Thursday, February 23, 2023

The odd tale of Director Paul Verhoeven

 I first saw a Paul Verhoeven picture in 1977. It was the "Dutch Romantic -Thriller" *, A Soldier of Orange.

It was the story, well, I'll take the IMDB synopsis.

Young Dutch Students just before the outbreak of World War 2. Leiden, the Netherlands. Introduction on Students life in University and fraternity. As soon as the war starts, many students join the resistance.

In the image from the movie, you can see a very VERY young Rutger Hauer. Most remember Rutger as the evil man in "Blade Runner."

Hard to believe it is Rutger Hauer isn't it?

Verhoeven did other thoughtful and quiet Dutch Movies and TV before being lured to Hollywood in 1984 - after his great movie, The 4th Man

At the time Verhoeven was a very hot director and had been promised by the studio he could pick his movies - and everyone, include him, expected a similar line of artsy / thriller type romances. But not long after he arrived, his studios (Orion and Universal) had bombed out getting someone to direct RoboCop. The studios had approached and been turned down by a number of young reasonably famous directors. They all said no mainly due to the excess violence - which the writer said was necessary for the comic book movie.

Then the studios told Verhoeven that IF he did Robocop, he could go back and have his pick of pictures next. How do I know? At the time Verhoeven was represented by the Lantz Office where Greg worked. Greg knew I loved Verhoeven and gave me the details as they happened.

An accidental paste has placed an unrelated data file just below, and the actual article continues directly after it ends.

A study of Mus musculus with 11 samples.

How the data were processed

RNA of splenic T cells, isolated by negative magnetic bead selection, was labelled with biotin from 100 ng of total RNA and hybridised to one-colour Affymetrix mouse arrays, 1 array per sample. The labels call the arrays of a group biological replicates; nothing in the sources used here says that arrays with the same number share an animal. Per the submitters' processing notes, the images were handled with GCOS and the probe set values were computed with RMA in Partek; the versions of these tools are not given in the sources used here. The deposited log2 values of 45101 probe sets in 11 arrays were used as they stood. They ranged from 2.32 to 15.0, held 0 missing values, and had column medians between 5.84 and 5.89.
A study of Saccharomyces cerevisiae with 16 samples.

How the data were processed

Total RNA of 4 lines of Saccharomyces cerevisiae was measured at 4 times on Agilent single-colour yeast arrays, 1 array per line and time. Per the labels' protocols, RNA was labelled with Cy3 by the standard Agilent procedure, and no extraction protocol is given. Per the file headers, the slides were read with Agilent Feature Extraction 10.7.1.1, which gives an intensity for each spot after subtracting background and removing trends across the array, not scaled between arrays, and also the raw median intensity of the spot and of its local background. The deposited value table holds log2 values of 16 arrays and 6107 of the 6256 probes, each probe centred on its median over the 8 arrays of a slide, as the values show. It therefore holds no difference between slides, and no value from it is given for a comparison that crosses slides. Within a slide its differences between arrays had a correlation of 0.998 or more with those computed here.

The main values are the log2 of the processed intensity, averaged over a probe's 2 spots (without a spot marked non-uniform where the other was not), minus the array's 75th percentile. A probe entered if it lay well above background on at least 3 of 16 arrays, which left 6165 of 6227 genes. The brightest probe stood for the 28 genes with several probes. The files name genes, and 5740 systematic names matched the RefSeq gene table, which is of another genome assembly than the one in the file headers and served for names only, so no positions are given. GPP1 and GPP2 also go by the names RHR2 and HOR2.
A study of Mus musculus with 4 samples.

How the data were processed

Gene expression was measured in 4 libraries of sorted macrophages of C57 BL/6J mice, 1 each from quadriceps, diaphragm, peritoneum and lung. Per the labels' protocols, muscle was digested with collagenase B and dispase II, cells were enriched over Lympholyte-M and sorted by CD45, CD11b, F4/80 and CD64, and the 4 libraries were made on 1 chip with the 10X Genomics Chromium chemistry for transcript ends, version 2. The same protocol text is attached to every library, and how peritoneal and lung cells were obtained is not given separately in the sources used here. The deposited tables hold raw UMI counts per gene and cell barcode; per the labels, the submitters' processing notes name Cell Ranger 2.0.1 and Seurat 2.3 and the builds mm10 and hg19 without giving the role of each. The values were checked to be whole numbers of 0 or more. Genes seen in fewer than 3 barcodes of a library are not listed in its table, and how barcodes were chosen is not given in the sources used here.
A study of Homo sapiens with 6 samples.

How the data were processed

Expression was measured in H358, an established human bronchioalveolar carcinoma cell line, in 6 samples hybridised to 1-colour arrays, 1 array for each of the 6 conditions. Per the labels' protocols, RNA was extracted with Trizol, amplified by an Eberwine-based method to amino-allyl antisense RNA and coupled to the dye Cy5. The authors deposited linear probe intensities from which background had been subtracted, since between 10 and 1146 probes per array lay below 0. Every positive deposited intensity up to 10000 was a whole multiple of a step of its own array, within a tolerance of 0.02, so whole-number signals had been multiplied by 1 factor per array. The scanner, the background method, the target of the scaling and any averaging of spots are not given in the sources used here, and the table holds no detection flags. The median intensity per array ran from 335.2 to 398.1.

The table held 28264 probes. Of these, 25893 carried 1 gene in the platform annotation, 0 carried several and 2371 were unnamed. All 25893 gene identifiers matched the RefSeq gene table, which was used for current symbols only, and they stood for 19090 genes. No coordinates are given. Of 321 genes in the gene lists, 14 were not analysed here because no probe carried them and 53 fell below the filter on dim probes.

Verhoeven did RoboCop and it was huge. And suddenly Verhoeven was an action director. He liked it, and it made tons of money - of which he often got a cut.

And so he did more. And this very artsy director followed up with: Total Recall, Basic Instinct, Showgirls, Starship Troopers and The Hollow Man.

In 2006 he directed The Black Book, a true story based on some Dutch / Jewish resistance during Nazi Germany. It was in Dutch and did not do particularly well in the States.

Paul Verhoeven and wife Isabelle Huppert

He has gone back to Germany, married Isabelle Huppert (the actress) and seems to have started making movies in Dutch again. He release Elle in 2016 and Benedetta in 2021.

So his story is an odd one. He followed many directors from overseas to Hollywood in the 1920s, 30s and 40s. His story is different because he went back to Europe and restarted working on the movies he loves.

*IMDB described his movies as "romantic-thrillers" and I think the description is apt.